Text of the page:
MTAA fund on the road to recovery, says Brumby

THE former Victorian premier John Brumby said it could still take two years to complete the turnaround of MTAA Super, but the fund had come a long way since he was brought in to heal the rift on the board.

THE former Victorian premier John Brumby said it could still take two years to complete the turnaround of MTAA Super, but the fund had come a long way since he was brought in to heal the rift on the board.

The comments mark the first time Mr Brumby, pictured, has spoken so candidly about the prospects for the controversial industry fund, which for years has been in turmoil after a string of losses incurred since the global financial crisis led to a clean-out of its board and the dumping of its long-serving boss, Michael Delaney.

The $6 billion fund has also been the subject of inquiries by the Australian Prudential Regulation Authority, including for governance issues.

Mr Brumby, who was parachuted into the fund in March 2011 after it fell to the bottom of the performance league tables, said his tenure had been a "bit of a challenge".

"The fund had a big task [so] we've restructured the board, brought on new independent directors who've broadened out the skills base of the fund - Sue Dahn and Vicki Allen - we've changed the management, we've rebuilt relationships with industry groups and APRA, and we've successfully rebalanced and reduced our exposure to illiquid, unlisted assets with a better spread of investments and a lower-risk profile," Mr Brumby said.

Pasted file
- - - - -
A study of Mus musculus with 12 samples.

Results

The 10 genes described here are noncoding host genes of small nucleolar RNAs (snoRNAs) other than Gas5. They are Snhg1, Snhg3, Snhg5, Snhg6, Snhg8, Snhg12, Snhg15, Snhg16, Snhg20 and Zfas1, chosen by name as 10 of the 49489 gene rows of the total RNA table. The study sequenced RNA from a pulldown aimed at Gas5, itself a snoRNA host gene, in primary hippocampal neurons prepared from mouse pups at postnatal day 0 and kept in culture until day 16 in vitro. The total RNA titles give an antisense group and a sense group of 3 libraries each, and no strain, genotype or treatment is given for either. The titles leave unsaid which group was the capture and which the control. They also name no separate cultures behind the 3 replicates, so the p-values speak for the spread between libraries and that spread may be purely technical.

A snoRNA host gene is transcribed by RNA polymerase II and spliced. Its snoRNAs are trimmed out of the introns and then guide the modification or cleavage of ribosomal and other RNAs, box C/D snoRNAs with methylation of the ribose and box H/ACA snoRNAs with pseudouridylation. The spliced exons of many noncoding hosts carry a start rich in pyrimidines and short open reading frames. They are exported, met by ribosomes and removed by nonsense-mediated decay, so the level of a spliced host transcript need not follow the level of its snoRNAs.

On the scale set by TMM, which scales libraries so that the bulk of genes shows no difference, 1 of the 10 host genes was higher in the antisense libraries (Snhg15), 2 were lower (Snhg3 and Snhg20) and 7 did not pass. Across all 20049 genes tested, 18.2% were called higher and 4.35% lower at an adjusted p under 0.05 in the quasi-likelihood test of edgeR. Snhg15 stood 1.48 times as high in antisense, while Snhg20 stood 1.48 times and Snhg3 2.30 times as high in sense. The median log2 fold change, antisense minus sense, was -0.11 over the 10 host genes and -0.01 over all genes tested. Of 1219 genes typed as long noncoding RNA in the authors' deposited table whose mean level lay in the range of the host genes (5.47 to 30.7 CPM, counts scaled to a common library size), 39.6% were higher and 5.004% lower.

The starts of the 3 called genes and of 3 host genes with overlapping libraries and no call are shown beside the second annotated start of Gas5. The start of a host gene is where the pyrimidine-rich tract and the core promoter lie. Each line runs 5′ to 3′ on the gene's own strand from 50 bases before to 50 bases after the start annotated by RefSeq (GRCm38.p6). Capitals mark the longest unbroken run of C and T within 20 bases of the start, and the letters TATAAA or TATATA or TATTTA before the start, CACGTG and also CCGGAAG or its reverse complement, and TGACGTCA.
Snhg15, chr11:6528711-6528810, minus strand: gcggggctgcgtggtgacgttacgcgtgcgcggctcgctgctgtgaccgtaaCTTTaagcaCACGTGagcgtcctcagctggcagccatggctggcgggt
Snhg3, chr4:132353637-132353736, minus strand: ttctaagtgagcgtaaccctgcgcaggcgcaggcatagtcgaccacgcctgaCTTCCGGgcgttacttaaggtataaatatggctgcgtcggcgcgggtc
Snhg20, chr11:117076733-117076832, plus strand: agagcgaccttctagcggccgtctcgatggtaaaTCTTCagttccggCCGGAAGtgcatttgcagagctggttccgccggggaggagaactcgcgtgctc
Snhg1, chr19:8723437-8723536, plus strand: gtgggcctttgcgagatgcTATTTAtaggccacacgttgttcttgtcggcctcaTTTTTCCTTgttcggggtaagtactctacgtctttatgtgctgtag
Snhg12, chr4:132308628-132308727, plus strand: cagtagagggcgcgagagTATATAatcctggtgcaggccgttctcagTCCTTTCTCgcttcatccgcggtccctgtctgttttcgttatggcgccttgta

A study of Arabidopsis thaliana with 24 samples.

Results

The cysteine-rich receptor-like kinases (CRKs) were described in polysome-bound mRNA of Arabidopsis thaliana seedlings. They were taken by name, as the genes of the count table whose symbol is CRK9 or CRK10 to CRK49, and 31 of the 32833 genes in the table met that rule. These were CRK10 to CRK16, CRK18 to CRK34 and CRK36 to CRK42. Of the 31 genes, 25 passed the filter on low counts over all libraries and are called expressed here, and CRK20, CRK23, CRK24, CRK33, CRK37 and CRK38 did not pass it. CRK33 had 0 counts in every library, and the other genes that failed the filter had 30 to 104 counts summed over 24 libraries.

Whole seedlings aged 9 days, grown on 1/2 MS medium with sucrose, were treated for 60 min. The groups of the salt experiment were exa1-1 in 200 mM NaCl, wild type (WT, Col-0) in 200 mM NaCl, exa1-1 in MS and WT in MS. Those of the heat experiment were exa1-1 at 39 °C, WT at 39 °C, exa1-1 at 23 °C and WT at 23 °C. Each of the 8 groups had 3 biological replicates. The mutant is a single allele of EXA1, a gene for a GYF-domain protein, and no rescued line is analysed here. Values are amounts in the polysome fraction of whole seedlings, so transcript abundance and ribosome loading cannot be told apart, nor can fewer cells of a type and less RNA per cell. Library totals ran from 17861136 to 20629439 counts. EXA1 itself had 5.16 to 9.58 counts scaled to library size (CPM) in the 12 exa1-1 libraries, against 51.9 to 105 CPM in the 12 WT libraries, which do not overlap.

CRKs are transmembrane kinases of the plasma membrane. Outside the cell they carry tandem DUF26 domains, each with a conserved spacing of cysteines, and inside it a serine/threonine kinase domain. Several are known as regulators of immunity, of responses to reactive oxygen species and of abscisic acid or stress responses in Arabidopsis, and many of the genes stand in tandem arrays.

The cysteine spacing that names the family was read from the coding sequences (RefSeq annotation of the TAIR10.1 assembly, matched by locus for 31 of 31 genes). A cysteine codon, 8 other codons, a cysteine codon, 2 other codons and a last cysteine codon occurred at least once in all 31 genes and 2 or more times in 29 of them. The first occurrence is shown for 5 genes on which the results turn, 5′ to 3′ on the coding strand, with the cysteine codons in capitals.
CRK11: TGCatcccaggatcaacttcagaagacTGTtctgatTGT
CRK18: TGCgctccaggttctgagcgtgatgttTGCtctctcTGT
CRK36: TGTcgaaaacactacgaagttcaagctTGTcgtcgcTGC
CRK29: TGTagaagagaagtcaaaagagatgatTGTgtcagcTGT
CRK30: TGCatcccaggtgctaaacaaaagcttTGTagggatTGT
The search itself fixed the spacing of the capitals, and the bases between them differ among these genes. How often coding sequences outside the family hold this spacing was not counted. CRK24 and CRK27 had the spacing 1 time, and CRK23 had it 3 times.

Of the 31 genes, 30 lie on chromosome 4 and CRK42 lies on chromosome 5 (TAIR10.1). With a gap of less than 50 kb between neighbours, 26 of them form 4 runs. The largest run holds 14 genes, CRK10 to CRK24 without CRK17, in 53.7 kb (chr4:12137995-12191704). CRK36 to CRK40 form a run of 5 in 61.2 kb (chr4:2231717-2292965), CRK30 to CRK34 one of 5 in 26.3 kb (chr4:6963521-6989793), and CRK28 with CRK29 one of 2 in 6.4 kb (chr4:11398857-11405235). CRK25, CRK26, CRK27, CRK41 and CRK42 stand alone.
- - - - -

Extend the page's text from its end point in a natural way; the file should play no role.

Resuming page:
"It will still take another year or two for us to turn the fund around completely but we're well back on the road to recovery."

The comments were made as MTAA Super released a guaranteed super stream product - the first large industry fund to do so - which guarantees a monthly pension for life regardless of whether one's account balance drops to zero for reason's other than excess withdrawals.

The product is designed to provide protection against a market downturn and "longevity risk", and will be payable as a pension.

"There's a growing number of people who are concerned that they'll have an annuity that runs until they're 85 but they'll live till 95," Mr Brumby said. "There are also people who are very worried about what happens if we get another GFC, particularly as they're either in retirement or they're very close to retirement. So this product addresses [those risks]."

Jeremy Cooper, the author of the Cooper Review into superannuation, said the industry was still behind the eight ball when it came to an ageing population, but products like these went some way to addressing it.

Commenting on the 20 per cent increase in the value of local shares in the past six months, Mr Brumby said MTAA Super had benefited from the pick-up.

"It has been significant for every fund so it's been a welcome turn-up," he said.

"Most importantly for beneficiaries who've gone year after year with minimal if not negative returns, they're back in the black with good numbers. That's true of our fund and it's true of virtually all of the industry funds, so that's a good thing."